Image Courtesy of Marvel.com
Spoilers: Keep in mind that my method of reviewing involves spoilers for purposes of analysis. If you care about being spoiled and have not read Silk #4 yet, please avoid this review until you do!!
My immediate reaction when I opened this issue is that the art looked different, and, upon checking earlier Silk issues, it definitely IS different. Stacey Lee has, for some reason, changed her art direction for this issue. It’s not a complete divergence, but it’s noticeable. The art feels less manga-inspired, the line work is less prominent, and Cindy actually looks a great deal different; she is more angular, has less rounded features, and just, generally looks older. I am not a fan of this change. As you all know, I LOVED the art in the first three issues of this book, and I hope Lee decides to go back to it moving forward, because it really was some of my favorite art in Marvel.
Rodriguez’s writing, though, stays as sharp and funny as ever, which is especially important in an issue that features the Fantastic Four. Anytime the “First Family” of Marvel comics is in a comic, things tend to lighten up. That isn’t to say there can’t be dark FF comics. There definitely CAN be, but as a general rule, their stories tend to commit to the lighter side of comics (This is the main reason why the new darker Fantastic Four cinematic reboot has me very nervous, but that’s a post for another day). Light and fun is precisely what we get in Silk #4. That’s not hard to do. This comic has always been a lighter, more uplifting book to read, so the addition of the Fantastic Four seems to fit naturally. The issue opens with Cindy in some sort of VR training program fighting a virtual Galactus, as piloted by Reed Richards, causing The Thing to say “How come I never get to play Galactus? I look great in purple” to which Sue promises that he can play Galactus for the kids anytime. Those kinds of jokes are pretty much the persistent tone throughout the book. Cindy makes Star Wars jokes, she and Johnny Storm joke about The Hobbit, and, eventually, she and Johnny go on a dinner date. They sit there in silence for a while before realizing that they would rather just be out fighting crime together, so that’s what they do.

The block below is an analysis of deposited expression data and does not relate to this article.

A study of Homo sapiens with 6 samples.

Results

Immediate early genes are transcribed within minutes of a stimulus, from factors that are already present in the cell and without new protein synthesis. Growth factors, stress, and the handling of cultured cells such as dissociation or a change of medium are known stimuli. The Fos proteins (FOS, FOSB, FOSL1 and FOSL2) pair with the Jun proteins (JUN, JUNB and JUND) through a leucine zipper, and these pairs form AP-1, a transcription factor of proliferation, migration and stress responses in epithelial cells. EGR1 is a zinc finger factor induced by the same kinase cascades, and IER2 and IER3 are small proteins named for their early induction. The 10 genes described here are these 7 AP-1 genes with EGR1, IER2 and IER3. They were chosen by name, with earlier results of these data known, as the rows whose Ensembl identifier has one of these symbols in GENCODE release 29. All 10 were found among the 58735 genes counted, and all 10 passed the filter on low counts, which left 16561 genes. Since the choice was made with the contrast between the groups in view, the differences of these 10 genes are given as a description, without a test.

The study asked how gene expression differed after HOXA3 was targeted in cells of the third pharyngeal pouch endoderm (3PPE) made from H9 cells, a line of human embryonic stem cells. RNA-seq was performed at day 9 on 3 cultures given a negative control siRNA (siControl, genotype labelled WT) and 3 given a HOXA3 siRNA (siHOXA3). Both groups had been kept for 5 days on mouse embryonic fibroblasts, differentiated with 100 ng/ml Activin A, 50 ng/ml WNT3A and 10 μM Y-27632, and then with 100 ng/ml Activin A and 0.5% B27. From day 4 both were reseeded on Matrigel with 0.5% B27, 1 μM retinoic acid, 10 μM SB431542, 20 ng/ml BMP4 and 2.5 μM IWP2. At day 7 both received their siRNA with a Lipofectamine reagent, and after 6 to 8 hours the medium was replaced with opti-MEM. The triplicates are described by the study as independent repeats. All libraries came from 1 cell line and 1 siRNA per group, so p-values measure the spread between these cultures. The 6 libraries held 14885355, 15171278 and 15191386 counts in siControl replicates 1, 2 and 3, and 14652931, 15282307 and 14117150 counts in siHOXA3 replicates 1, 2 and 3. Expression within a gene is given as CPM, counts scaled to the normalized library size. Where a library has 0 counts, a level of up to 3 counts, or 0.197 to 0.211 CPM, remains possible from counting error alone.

My problem with the issue, though, is that it doesn’t really go anywhere. It’s got some funny jokes, sure, and it was a nice break from all of the super serious and epic Secret Wars stuff, but nothing really HAPPENS in this issue. The overarching plot doesn’t progress, Cindy doesn’t really learn anything new, except that her problems with her powers are likely anxiety induced (which actually was kind of cool, because it shed some light on how serious a problem anxiety really can be) and her discovering Black Cat has luck powers. We get one flashback sequence about when she discovered she has spider powers (how come it seems that Peter is the only one who doesn’t get organic webbing as part of his “bitten by a radioactive spider” package?), but overall, it feels like a filler issue, which is a weird creative decision when we are only on issue #4. This is especially apparent, because we just had another low-action issue with Spider-Gwen #4, and that one was done VERY well, because, unlike this issue, that comic used every page to further the character development of the protagonist. I’ve said it before, but when this book is good it’s AMAZINGLY GOOD, and then it has issues like this, where I just feel like Marvel doesn’t really know what to do with this comic. All of this is an especially big letdown coming off of Silk #3, which was hands down one of my favorite comics last month. Let’s hope we go back to that quality in June’s issue.